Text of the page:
A newspaper and television station funded by a pharmaceutical company want a sensation, which happens to be the discovery of King Kong on an island. He is captured and brought to Japan, where he escapes from captivity and battles Godzilla.
Mr. Tako, the chairman of a pharmaceutical company, learns the roma tomato-sized berries that grow on Farou Island are a miracle cure, and that the natives worship a god called King Kong who has allegedly grown to giant size from eating the berries. What better way to promote the product, Tako figures, than to bring the creature back to Japan? He leads an expedition with Sakurai and Furue to get the berries and the monster. Meanwhile, some American pilots discover the chunk of the glacier Godzilla was sealed in back in 1955. Sakurai's sister's boyfriend Kazuo is busy trying to sell an invisible but super-strong wire, which of course no one wants until Kong escapes...Written by
Scott Hutchins <email@example.com>
This became one of the most popular films internationally in the original Godzilla series. In the early 1990s, Toho and producer Tomoyuki Tanaka planned to remake this film. However, the new owner of the RKO library, and the underlying copyrights, Turner Entertainment, wanted a license fee for the use of King Kong that was too high for Toho. Toho changed the concept and produced "Godzilla vs. King Ghidorah" (1991) instead. See more »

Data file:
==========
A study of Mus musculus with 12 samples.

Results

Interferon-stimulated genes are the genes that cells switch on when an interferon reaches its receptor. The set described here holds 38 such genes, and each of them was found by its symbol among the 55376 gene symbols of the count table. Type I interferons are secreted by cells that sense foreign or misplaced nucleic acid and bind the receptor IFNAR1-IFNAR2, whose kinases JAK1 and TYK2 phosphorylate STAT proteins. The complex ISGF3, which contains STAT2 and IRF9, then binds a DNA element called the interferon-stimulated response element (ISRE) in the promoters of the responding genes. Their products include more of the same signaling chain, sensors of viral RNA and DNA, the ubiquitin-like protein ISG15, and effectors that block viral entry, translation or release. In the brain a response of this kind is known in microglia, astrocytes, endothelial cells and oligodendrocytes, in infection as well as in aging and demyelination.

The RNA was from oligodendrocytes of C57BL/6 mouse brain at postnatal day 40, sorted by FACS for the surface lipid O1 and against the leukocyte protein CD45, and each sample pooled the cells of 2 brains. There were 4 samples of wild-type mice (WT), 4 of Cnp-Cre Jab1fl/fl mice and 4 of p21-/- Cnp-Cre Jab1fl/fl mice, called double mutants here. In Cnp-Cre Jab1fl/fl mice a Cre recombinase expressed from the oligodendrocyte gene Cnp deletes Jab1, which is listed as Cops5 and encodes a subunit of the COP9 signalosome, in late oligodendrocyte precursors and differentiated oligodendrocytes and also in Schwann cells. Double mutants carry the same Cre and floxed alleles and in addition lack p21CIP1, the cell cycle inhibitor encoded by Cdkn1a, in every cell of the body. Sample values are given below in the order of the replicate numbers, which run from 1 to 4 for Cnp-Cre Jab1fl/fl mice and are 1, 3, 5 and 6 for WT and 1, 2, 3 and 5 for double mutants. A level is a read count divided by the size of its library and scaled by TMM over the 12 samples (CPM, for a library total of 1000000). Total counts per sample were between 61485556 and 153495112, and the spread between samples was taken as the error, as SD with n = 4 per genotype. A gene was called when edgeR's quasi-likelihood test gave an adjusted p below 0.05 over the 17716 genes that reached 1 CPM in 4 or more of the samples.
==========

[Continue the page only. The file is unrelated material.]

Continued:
When one of the octopus' tentacles grabs a native (stop-motion) and shakes him around, the native itself is a static doll that does not move (its 'skin' is also much darker than the skin of the human natives around it). See more »
There are more things in Heaven and Earth, Horatio, than are dreamt of in your philosophy.
One scene that was deleted from the American version is the scene on board the ship taking Kazuo to Hokaido to test his wire. It is during that scene that the ship receives the notice to be on the lookout for the stranded submarine. See more »
Even though this is one of my favorite Godzilla films, its too bad that the original version without the added American scenes has never been released in this country and in all likelihood never will. From all accounts, in its original form, this film was a perfect satire on runaway commercialism and the consequences that can happen if people go to far in the pursuit of money. The character of Mr. Tako is probably the greediest man in the history of filmdom and he almost causes the destruction of Tokyo in pursuit of the almighty dollar, or in his case yen. Hopefully one day Universal will come to its senses and release the original Japanese version in the US.